Pink dolphins are not a photoshop product; they do exist! Would you like to know more about these stunning rare creatures? Read on.

Credit: rruiz3960/Flickr

Have you ever seen those bright pink dolphins among Barbie’s merchandise and thought, “So stupid, dolphins are not pink.” Well, let me tell you that pink dolphins exist! Susanta Nanda from Indian Forest Service uploaded on Twitter a video with a couple of rare pink dolphins happily swimming in the sea. The mentioned video has gone viral. 

The bright pink dolphins already mesmerized over 80 thousand viewers. However, questions arise. Is the video real or edited? We all know that dolphins usually have a greyish-blue color. Yet, pink dolphins do exist, although in a small number. These beautiful creatures are Amazon pink river dolphins. You can find them throughout much of the Amazon and Orinoco river basins in Bolivia, Brazil, Colombia, Ecuador, Guyana, Peru, Venezuela, and a few live in Vietnam. 

Why Are They Pink?

Although Amazon pink river dolphins are famous for their pink color, they weren’t born this way. The dolphins come to the world grey and slowly turn pink as they age. The pink coloration is a result of scar tissue resulting from rough games or fighting over conquests. Thus, male dolphins are strikingly pinker than their female counterparts. However, the dolphins final color is also influenced by behaviour, capillary placement, diet, and exposure to sunlight.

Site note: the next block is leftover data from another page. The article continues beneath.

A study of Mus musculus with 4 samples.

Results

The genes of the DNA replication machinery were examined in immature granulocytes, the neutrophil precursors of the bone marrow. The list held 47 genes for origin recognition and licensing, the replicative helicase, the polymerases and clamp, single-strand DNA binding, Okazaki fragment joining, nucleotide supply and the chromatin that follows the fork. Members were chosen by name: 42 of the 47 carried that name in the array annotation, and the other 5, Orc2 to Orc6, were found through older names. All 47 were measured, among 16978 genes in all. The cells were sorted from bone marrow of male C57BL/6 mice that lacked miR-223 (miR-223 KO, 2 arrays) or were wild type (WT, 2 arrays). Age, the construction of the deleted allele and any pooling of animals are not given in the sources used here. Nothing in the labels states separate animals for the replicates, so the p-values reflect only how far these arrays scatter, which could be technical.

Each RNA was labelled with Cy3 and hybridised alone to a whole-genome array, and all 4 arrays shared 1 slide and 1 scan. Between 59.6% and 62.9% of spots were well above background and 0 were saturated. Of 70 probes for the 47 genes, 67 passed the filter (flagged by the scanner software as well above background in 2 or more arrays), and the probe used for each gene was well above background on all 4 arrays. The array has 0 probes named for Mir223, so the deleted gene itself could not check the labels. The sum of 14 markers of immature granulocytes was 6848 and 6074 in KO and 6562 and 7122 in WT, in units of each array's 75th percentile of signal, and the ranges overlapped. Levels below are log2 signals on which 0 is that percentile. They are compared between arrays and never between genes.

A Living Myth?

The Amazon pink river dolphin, also known as “boto,” has inspired many South American legends. Interestingly, these stories are not flattering these sweet water creatures at all. One legend claims pink dolphins morph into handsome men known as “boto encantado” to seduce and impregnate women by night. Another story warns people from swimming alone in the river because boto may kidnap them and take them to a magical underwater city. Another superstition claims that if you harm the dolphin, you will have bad luck.

Unfortunately, Amazon pink river dolphins are endangered. IUCN Red List found out that the dolphins’ total population size has decreased 50% or more over a period of 75 years. Let us hope that viral videos and articles spreading knowledge about these fantastic creatures will encourage people to find ways to preserve them.